Thursday, February 17, 2005

Got Dads? Got Moms?

When I started staying home almost 4 years ago, I was lucky to find a very large, active stay-at-home dads group here in the Washington, DC area. DC Metro Dads got my infant daughter and I out of the house. It gave her some playmates and me a chance for some adult conversation with people who could relate to my situation. The group was (and is) a lot of fun, and was truly a blessing to a guy who had just started to learn about the whole parenting thing. Since then, I've heard from other fathers that it's hard to find dads groups in many areas. Moms groups are more common, but it seems some (many?) don't accept members with the Y chromosome.

I've run a weekly playgroup, as part of DC Metro Dads, for over 2 years now. We have occasionally had stay-at-home moms ask if they could join us. We discussed it as a group, and not a single dad objected to allowing women into the playgroup. The kids, of course, didn't care a bit whether it was a homogeneous group of dads or not. And actually, as time went on, I believe the group actually benefited from having the moms there. It was great to get a women's perspective on some things. The topics of our conversations didn't change (still mostly centered on parenting, diapers and potty training, nap and bedtime routines, preschool selection, etc.), the the things we did and the way the playgroup ran didn't change. In fact, having a few moms join didn't change the nature of our group at all! The focus of our group (and I'm sure most others, whether comprised of moms or dads) is to give the kids some playtime and the parents an opportunity to socialize with others.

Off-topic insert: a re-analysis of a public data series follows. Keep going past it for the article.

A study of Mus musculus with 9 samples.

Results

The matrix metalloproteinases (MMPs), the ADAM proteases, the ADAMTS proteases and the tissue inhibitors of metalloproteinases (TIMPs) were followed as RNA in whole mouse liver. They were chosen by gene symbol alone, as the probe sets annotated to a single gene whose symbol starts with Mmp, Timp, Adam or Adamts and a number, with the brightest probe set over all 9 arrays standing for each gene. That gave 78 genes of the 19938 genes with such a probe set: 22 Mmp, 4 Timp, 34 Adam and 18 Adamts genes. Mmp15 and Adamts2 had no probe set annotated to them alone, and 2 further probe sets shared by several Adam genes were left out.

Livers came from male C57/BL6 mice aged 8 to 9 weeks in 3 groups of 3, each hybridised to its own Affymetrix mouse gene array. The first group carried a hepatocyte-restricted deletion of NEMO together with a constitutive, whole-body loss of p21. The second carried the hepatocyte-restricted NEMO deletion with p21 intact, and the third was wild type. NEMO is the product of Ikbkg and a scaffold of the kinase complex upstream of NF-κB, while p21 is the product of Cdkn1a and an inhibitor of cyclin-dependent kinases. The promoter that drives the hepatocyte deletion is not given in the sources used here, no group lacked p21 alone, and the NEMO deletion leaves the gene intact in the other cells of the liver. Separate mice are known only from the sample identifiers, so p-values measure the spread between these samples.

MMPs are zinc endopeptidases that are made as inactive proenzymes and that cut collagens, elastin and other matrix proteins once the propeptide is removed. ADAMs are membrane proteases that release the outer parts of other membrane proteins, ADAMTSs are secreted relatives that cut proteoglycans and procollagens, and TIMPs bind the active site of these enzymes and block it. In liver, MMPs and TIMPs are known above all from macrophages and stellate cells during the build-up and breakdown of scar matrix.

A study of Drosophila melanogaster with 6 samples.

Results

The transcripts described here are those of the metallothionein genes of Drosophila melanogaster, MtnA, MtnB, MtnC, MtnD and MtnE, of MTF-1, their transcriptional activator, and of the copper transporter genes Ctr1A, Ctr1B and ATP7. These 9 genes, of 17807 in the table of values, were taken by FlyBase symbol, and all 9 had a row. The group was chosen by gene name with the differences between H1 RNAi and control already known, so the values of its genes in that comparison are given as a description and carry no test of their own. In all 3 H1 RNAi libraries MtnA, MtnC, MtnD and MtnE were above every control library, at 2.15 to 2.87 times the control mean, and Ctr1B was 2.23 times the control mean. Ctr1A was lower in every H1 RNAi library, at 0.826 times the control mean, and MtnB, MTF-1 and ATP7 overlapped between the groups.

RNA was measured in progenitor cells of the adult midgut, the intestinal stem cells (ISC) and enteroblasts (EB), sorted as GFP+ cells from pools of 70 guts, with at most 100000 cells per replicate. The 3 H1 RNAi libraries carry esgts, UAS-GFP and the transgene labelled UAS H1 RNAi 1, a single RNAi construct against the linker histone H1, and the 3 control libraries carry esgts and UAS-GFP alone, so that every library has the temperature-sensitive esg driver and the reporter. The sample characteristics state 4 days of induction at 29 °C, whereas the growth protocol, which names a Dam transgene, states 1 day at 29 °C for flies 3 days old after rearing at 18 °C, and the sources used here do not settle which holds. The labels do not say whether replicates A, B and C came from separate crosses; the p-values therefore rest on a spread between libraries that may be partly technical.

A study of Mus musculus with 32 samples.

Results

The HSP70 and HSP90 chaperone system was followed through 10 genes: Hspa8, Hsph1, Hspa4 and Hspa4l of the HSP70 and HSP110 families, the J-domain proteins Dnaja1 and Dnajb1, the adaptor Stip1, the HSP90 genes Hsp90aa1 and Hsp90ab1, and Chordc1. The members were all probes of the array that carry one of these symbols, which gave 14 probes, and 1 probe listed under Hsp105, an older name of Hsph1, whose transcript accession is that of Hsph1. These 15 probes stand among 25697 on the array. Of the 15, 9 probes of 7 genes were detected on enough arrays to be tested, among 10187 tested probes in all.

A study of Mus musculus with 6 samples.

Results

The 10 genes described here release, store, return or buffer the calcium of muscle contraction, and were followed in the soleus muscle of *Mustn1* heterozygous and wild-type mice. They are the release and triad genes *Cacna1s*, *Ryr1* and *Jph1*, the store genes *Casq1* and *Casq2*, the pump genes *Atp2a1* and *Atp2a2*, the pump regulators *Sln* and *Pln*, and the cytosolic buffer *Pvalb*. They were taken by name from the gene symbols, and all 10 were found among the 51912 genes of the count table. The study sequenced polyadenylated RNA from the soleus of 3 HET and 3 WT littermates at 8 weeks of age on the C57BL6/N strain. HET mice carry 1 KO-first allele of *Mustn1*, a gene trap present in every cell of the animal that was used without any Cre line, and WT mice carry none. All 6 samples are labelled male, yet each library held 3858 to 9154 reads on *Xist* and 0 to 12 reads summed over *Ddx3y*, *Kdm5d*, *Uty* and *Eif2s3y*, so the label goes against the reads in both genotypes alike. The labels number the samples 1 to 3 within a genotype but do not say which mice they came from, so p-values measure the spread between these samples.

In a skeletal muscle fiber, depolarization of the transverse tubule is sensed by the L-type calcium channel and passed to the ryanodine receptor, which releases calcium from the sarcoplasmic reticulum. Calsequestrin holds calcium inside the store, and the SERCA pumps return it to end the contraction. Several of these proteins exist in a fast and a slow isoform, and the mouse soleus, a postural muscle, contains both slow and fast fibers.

Jay Allen, the Zero Boss, has written a short, interesting piece for Blogging Baby that asks whether stay-at-home dads should be welcomed into moms' groups. What do you think? If you're an at-home mom, would you be uncomfortable if a man started attending your playgroup or other outings? And if you're a stay-at-home dad, would you be interested in joining a group that was traditionally for women?

Sure, I can understand that some women may feel uncomfortable discussing certain topics in mixed company just as I am sure some men would. And I suppose that it is their perogitive to decide who can and cannot belong to their group, but I think moms groups that don't allow at-home dads to join are missing out. And dads, I hope you invite the women in as well.